Wednesday, March 26, 2014

The man who would be half-emperor

Another tale from Januarius MacGahan's Campaigning on the Oxus, and the Fall of Khiva.

One day I mounted my horse and rode to Hazar-Asp, where I was hospitably entertained by Colonel Ivanoff. While taking dinner with the Colonel, an orderly came in, and informed him that a woman was waiting outside, asking permission to lay a complaint before him
   The Colonel turned to me and said, “come along now, and you will see something curious.”

   As the regular course of justice had been interrupted by the flight of the Governor, the people of Hazar-Asp, it seemed, came to Colonel Ivanoff, who was then the supreme power, to have their wrongs redressed and their quarrels settled. So we now went out into the great porch, which I have spoken of as the Hall of State, or audience chamber. Here we sat down on a piece of carpet, and the Colonel put on a grave face, as befitted a magistrate in the administration of justice. The woman was now led into the court which was some three or four feet lower than the floor of the porch on which we were seated, she came in leading a lubberly-looking young man of about fourteen, and bowing almost to the earth at every step, and addressed the Colonel, whom she took for General Kauffmann, as the “Yarim-Padshah,” or ‘half-emperor’, which title the Colonel accepted with grave composure.

   She was an old woman, clad in the long dirty looking tunic of the Khivans. The only article of dress that distinguished her from a man was the tall white turban worn by all the Khivan women. She brought in a little present of bread and apricots, which she handed to the bemused Colonel with many profound bows, and then proceeded to state her case.

  “My son,” she said, pointing to the gawky boy who accompanied her, “had been robbed of his affianced wife.”
   “By whom?” asks the Colonel.
   “By a vile theiving dog of a Persian slave. My own slave, too; he stole my donkey, and carried the girl off on it; may the curse of the prophet wither him.”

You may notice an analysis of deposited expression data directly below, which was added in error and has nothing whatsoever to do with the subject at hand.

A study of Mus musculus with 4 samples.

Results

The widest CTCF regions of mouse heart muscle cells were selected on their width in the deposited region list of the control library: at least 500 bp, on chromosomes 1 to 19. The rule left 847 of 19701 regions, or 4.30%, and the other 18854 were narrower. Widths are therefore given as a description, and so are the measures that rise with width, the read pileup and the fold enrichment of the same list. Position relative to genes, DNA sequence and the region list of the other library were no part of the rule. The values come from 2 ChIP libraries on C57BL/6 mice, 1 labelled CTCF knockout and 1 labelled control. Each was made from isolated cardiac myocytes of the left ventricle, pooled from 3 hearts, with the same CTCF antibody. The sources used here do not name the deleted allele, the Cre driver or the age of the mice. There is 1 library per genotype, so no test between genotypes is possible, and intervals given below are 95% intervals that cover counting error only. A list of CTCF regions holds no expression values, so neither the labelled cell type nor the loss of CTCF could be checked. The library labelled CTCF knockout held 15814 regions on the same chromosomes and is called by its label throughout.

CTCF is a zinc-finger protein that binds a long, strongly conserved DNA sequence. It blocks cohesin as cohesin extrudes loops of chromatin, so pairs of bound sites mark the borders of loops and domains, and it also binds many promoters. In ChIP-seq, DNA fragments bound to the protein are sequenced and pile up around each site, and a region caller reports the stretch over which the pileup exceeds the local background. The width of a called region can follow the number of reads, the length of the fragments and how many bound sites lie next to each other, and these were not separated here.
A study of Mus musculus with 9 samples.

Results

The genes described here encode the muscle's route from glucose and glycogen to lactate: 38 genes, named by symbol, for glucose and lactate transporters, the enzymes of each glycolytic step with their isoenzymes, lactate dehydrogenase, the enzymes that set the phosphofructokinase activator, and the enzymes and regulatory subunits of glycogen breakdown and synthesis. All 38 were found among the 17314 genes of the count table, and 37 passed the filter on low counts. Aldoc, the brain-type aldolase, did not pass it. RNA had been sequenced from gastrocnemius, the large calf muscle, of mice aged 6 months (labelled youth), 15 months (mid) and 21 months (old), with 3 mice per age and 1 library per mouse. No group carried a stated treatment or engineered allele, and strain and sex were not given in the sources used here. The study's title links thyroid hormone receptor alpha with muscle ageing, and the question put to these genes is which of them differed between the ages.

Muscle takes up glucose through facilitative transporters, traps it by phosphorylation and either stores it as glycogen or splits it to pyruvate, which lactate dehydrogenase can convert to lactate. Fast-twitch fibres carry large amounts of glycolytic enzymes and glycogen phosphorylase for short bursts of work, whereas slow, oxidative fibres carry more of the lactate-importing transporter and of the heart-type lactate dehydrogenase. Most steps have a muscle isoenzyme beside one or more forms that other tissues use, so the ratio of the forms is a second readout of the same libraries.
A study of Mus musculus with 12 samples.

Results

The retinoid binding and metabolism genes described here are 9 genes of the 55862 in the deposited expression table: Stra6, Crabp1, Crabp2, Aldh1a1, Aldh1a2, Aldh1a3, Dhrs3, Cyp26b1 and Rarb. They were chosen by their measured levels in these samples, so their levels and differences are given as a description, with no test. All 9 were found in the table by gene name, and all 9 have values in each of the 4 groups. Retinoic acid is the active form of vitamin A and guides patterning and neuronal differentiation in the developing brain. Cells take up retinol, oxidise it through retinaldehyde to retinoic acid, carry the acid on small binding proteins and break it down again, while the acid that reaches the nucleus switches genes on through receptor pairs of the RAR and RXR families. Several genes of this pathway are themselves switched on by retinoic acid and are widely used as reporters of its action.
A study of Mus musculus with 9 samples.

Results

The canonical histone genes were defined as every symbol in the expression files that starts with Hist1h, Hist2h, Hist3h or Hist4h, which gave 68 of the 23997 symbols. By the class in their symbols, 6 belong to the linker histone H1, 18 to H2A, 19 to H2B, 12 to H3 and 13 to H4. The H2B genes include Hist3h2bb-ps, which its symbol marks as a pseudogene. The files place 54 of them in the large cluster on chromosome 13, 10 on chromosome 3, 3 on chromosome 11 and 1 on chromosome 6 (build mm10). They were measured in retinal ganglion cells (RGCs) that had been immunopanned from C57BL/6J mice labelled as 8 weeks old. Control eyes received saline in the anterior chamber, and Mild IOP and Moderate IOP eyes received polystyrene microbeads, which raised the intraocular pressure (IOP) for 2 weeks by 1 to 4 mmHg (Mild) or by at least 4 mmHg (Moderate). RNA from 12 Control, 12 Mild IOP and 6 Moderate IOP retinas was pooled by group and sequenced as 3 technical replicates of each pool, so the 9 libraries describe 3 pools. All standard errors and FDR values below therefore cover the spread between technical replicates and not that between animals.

“So then he is three times a thief. He stole the donkey, the girl, and himself,” said the Colonel, summing up the matter in a judicial way. “But how did he steal the girl? Did he take her by force?”
   “Of course; was she not my son's wife? How could a girl run away from her affianced husband with a dog of an infidel slave, except by force?”
   “Who is she? How did she become affianced to your son?”
   “She is a Persian girl. I bought her from a Turcoman who had just brought her from Astrabad, and I paid fifty tillahs for her. The dog of a slave must have bewitched her, because as soon as she saw him she flew into his arms, weeping and crying, and said, ‘he was her old playmate’. That was nonsense, and I beat her for it soundly. The marriage was to be celebrated in a few days; but as soon as the Russians came, the vile hussy persuaded the slave to run away with her, and I believe they are as good as married”
   “Well, what do you want me to do about it?”
   “I want you to give back my son's wife, and my donkey, and my slave.”

   The Colonel told her, with a smile, that he would see about it, and motioned her to retire from his presence. She withdrew, walking backwards, and bowing to the ground at every step, in the most approved and courtier-like manner. Evidently it was not the first time she had pleaded her own case.

   But her son never got back his wife, nor she her slave or donkey.